Five basics of baseline assessment


Baseline assessments help teachers and students find out what the student already knows and can do and then help the teacher make decisions about what the best next steps might be.

 

Baseline assessments:

1. Are the beginning of the journey

Using a baseline assessment is the beginning of a journey. Teachers know that it is particularly important to get to know students quickly at key turning points such as:

    • At the beginning of a period of study
    • At transition points such as a change of curriculum, change of course, a new school, a new year
    • After gaps in learning
    • When other evidence is missing.

Take-aways for teachers:

Unless this newly acquired insight into your new students is quickly followed, the value of a baseline assessment may be diminished. Tymms et al (2018) highlight the value of early intervention.

 

2. Support teaching and learning

Teachers understand that students have different starting points for entering and moving through the curriculum.  A good baseline assessment can show you a student’s starting point and generate feedback for both learners and teachers. The feedback should highlight successes, be integral to future teaching and learning, help teachers ask the right questions, and make the best decisions.

Take-aways for teachers:

Does your baseline assessment

    • Support learners?
    • Drive instruction?
    • Reveal student strengths and weaknesses?

3. Influence teachers’ expectations 

‘Faulty’ or inaccurate teacher expectations have been found to be more likely to occur in the earlier years, at the beginning of a school year, and at times of school transitions - i.e. when there has been no time for teachers to really get to know their students and establish the relationship that is so important in understanding how best to guide them on their learning journey.

Research also shows that teachers’ expectations of students make a difference and that student motivation and learning outcomes are affected when teachers express high expectations.

Take-aways for teachers:

    • By indicating student ability early on, baseline assessments may help to clarify and adjust expectations on an individual basis. Teachers can think of student potential as an iceberg—most of it hidden from view—and act upon the belief that high expectations and high-quality support will reveal what lies beneath.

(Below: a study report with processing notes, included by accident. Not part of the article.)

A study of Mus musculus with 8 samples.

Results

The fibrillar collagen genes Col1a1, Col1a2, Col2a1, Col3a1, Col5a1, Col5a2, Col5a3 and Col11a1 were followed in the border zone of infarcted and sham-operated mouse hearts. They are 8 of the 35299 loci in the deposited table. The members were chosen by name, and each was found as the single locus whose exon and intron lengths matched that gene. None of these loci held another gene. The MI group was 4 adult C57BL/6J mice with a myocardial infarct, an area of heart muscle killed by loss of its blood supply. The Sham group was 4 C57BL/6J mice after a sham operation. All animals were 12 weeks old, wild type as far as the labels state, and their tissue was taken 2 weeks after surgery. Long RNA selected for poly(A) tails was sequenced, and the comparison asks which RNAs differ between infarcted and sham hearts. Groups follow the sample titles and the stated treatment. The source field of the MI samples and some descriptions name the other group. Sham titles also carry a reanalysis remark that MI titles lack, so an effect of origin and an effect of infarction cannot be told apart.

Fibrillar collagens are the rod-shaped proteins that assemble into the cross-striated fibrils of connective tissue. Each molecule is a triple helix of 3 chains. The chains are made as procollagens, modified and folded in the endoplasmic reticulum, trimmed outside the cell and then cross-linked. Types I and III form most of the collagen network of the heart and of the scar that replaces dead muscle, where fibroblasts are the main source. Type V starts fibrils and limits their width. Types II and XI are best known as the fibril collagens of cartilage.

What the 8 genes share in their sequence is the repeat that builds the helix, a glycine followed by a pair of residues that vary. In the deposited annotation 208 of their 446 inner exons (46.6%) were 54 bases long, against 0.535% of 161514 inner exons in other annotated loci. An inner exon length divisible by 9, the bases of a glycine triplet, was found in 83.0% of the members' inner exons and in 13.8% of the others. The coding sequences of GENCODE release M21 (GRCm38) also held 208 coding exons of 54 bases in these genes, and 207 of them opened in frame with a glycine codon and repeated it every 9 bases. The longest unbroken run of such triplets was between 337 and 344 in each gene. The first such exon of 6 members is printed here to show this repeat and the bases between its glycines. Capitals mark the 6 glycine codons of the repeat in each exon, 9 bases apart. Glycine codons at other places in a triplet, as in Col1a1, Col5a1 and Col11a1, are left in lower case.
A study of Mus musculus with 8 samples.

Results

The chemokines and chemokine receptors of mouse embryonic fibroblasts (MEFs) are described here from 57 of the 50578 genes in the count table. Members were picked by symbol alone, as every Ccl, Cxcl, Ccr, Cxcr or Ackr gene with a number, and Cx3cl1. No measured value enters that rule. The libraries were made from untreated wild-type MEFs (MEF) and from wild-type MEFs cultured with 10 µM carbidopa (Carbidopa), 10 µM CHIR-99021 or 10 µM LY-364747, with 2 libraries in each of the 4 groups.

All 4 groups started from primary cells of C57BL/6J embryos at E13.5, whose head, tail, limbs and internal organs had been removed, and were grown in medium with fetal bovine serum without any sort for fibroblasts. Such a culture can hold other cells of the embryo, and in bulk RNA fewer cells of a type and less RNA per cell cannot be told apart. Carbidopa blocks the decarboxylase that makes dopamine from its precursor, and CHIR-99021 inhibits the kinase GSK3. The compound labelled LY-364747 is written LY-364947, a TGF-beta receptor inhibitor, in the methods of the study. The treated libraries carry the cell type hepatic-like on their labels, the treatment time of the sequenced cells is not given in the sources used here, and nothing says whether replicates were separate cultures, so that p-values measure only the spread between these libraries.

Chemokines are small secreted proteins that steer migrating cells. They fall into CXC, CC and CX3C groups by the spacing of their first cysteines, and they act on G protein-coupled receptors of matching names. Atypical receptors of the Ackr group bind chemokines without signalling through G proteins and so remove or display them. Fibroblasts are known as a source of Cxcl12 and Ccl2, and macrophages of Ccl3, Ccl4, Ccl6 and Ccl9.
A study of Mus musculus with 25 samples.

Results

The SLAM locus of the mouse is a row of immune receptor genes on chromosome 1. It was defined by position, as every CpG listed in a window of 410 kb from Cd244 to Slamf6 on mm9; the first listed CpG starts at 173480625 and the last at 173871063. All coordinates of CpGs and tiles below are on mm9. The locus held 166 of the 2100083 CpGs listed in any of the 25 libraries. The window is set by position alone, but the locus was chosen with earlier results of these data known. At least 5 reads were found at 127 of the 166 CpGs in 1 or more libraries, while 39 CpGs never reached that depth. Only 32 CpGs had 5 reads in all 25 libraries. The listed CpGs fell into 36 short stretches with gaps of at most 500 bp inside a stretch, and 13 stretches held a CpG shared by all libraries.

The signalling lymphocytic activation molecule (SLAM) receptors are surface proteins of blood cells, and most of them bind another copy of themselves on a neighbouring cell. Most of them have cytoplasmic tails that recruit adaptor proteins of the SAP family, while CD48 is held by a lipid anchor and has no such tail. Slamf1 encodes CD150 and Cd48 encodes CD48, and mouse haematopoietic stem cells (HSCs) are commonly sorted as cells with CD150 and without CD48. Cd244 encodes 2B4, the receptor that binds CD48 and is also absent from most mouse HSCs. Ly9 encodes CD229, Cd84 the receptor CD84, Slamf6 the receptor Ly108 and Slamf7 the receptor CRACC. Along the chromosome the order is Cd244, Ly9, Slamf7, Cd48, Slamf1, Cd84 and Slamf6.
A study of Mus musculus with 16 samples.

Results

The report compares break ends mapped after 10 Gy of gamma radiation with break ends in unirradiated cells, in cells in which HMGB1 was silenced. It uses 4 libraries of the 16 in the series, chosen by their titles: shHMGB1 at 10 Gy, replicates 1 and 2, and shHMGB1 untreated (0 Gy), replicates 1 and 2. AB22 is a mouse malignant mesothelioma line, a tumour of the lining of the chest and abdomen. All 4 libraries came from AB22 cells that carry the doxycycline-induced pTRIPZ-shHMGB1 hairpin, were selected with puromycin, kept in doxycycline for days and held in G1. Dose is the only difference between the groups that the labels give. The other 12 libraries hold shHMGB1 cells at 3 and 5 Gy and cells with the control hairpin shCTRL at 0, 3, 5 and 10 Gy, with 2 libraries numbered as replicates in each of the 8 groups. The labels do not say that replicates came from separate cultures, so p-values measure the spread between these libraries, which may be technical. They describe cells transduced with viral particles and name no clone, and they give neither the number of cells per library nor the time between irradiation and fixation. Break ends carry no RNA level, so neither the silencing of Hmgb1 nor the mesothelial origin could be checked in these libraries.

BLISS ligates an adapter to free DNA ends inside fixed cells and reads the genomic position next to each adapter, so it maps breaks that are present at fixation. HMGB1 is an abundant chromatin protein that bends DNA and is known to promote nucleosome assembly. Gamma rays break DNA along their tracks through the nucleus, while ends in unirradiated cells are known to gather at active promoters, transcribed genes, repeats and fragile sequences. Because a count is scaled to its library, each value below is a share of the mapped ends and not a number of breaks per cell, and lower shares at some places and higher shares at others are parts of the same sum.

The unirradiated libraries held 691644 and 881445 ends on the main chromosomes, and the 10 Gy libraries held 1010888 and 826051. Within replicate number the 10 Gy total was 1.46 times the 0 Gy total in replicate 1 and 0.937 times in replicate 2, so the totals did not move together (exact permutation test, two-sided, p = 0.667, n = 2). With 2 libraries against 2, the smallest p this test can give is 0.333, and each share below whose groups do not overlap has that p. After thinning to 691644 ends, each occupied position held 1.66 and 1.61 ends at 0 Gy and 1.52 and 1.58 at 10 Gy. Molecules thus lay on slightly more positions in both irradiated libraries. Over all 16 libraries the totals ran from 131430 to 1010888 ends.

4. Support goal setting 

A baseline assessment is not a high-stakes test with a focus on the ‘score’ at the end of it. Rather, it focuses on the student’s starting point and helps to strategically set goals and targets that will drive student motivation and future teaching and learning.

Take-aways for teachers:

Research shows that students need to be provided with many opportunities to set short-term, specific, and moderately difficult goals in their classroom work. Short-term goals are more motivating than long-term because it is easier to judge progress toward proximal goals.

 

5. Build a bigger picture

No single piece of data can tell the whole story of a student’s progress and performance, or about the quality of teaching they are receiving. Using baseline data in conjunction with other data points such as teachers’ observations, prior attainment and end of unit, term or year grades, builds a clearer picture.

Take-aways for teachers:

Data won’t give you all the answers, but it can be used to ask better questions. Understanding how to use data is important. It improves your understanding of assessment, what it can tell you, how it can inform your teaching and ultimately improve learning in your classroom.

 

A baseline assessment isn't intended to measure everything a student knows and can do but a sample of that knowledge. A baseline assessment can give you the insight it isn’t possible to find out in any other way and then helps you to make better choices for your students.